Astronomy Picture of the Day
April 25, 2014

The Scarlatti Peak-Ring Basin from atop
The Scarlatti Peak-Ring Basin from atop

Credits: NASA/Johns Hopkins University Applied Physics Laboratory/Carnegie Institution of Washington and Dr Paolo C. Fienga/LXTT/IPF for the additional process. and color.

In this image-mosaic, obtained by putting together three frames taken by the NASA - MESSENGER Spacecraft on April, 4, 2012 (and when the Spacecraft was almost perpendicular as to the photographed Surface Features - see the extremely low Emission Angle), we can see - once again - the Peak-Rng Basin named Scarlatti. The bright, irregular Depression located in the Northern portion of the Basin's Ring is thought to be, as you should already know, an ancient Volcanic Vent - or even a Caldera - where, eons ago, some high magnitude's Explosive Volcanism Phenomena must have occurred.


As you can see, there are also several bright Hollows present (here and there, but mostly) in the Southern Section of the Peak-Ring that appear, in this Absolute Natural Color image, of a pale gray and white color (once compared to the surrounding Material). Just out of curiosity, this Impact Basin was so named after Alessandro Scarlatti and his son, Domenico Scarlatti, both influential Italian Baroque Composers.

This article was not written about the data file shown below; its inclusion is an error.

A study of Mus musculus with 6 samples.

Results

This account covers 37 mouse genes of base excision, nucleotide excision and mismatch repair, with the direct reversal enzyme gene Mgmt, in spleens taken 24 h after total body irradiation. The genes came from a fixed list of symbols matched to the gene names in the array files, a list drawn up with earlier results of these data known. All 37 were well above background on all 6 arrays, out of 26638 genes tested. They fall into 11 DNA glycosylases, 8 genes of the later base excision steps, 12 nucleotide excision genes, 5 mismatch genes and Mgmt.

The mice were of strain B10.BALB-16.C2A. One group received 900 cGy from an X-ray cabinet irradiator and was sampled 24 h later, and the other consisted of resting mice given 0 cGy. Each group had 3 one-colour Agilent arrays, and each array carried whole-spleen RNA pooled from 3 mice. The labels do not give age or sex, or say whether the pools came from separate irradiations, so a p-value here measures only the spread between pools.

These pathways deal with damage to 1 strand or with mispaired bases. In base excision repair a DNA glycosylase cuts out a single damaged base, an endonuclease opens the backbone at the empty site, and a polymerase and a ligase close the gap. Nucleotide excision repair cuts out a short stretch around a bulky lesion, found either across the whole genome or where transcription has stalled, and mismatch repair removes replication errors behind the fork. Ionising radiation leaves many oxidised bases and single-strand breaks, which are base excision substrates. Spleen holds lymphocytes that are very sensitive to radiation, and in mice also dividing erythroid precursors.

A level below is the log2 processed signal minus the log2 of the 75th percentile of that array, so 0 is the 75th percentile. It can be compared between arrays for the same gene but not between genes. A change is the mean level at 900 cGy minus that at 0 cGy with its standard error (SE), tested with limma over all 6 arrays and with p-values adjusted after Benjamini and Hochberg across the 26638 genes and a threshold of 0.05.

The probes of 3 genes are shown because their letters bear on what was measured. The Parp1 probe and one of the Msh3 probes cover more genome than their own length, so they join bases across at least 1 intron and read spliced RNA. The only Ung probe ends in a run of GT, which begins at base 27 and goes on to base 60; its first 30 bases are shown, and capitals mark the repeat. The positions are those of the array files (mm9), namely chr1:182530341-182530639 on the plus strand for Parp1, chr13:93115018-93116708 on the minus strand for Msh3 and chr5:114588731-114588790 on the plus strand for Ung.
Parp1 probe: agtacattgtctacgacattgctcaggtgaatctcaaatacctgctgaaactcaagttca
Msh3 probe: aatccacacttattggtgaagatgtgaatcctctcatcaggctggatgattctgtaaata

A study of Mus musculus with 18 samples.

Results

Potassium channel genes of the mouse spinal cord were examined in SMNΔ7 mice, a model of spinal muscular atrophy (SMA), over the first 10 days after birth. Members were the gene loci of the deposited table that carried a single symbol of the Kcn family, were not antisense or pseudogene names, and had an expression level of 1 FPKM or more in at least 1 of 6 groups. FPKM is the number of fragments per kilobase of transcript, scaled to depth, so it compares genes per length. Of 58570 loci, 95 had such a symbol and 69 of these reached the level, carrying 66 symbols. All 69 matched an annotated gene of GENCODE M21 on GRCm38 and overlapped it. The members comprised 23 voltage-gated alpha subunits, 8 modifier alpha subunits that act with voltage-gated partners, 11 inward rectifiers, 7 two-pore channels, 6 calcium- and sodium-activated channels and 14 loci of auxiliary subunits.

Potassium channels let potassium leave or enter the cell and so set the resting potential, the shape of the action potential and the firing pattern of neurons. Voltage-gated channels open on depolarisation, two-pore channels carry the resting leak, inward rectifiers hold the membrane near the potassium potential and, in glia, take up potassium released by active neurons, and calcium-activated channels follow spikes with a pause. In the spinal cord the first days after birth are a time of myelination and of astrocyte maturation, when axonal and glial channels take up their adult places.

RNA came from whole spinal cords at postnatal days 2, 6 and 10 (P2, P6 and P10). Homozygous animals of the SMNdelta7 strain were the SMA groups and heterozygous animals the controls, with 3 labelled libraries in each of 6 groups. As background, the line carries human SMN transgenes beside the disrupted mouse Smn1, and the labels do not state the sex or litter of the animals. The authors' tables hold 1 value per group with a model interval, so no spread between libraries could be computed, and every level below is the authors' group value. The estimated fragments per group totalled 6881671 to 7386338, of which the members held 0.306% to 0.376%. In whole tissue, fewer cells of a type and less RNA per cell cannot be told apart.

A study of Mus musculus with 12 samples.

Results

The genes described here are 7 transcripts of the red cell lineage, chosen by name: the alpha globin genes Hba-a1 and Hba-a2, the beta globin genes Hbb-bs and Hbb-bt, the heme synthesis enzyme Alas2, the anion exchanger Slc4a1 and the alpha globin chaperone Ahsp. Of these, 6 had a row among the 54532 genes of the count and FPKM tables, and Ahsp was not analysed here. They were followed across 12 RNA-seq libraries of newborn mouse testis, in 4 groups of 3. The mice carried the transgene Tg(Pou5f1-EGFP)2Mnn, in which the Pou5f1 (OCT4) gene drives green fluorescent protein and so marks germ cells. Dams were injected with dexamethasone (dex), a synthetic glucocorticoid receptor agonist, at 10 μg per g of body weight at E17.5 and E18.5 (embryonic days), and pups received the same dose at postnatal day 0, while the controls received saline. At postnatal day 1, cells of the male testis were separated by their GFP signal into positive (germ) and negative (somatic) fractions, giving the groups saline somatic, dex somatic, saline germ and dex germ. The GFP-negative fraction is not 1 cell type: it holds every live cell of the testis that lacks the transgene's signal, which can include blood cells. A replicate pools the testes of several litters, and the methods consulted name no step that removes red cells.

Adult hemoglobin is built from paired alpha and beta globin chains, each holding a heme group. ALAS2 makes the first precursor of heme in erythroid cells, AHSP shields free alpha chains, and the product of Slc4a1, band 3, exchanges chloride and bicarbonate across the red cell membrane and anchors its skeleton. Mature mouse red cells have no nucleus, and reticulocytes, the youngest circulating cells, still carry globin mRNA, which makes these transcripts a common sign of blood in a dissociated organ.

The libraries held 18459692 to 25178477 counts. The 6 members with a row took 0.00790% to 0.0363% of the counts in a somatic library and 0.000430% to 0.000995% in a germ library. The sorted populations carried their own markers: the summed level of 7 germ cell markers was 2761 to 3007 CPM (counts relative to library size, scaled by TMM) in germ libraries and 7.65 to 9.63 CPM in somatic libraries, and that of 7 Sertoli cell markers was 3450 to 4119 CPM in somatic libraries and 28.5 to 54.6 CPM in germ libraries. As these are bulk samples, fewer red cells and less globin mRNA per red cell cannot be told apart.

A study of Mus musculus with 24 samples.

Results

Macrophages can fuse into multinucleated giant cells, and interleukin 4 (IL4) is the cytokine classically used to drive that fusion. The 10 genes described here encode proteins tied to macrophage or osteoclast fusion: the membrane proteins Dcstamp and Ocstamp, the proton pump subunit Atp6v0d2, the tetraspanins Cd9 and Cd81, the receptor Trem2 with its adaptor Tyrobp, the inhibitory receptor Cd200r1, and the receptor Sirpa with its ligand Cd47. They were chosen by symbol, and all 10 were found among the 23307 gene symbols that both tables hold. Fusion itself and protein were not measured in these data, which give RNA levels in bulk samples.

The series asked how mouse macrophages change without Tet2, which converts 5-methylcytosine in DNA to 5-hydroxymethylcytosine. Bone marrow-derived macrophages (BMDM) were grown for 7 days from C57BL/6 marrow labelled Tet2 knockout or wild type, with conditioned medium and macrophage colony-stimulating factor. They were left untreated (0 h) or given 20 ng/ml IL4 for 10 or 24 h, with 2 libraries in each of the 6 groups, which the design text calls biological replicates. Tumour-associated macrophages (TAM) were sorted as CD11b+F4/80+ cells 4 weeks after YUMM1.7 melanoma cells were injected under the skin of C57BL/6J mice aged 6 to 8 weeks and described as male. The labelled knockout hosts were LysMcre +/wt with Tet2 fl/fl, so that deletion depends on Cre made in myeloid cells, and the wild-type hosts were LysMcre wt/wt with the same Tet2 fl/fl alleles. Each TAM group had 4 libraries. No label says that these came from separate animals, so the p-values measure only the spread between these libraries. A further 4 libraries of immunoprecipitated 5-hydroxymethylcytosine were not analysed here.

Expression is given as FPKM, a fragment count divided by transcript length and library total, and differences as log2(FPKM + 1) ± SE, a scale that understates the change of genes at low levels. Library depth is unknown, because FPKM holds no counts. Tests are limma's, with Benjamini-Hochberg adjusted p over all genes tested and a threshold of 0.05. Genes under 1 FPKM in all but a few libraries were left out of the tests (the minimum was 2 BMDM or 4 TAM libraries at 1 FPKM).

Date acquired: April, 4th, 2012
Images Mission Elapsed Time (MET): 242004051, 242004043, 242004047
Images ID: 1603177, 1603175, 1603176
InstrumentWide Angle Camera (WAC) of the Mercury Dual Imaging System (MDIS)
Center Latitude: 39,84° North
Center Longitude: 260,90° East
Solar Incidence Angle: 57,5° (meaning that the Sun, at the time that the picture was taken, was about 32,5° above the imaged Local Mercurian Horizon)
Emission Angle: 0,2°
Sun-Mercury-Messenger (or "Phase") Angle: 57,5°


This picture (which is an Original NASA - MESSENGER Spacecraft's false colors and Map-Projected image-mosaic published on the NASA - Planetary Photojournal with the ID n. PIA 16355) has been additionally processed, contrast enhanced, Gamma corrected, magnified to aid the visibility of the details and then re-colorized in Absolute Natural Colors (such as the colors that a human eye would actually perceive if someone were onboard the NASA - MESSENGER Spacecraft and then looked outside, towards the Surface of Mercury), by using an original technique created - and, in time, dramatically improved - by the Lunar Explorer Italia Team. Different colors, as well as different shades of the same color, mean, among other things, the existence of different Elements (Minerals) present on the Surface of Mercury, each having a different Albedo (---> Reflectivity) and Chemical Composition.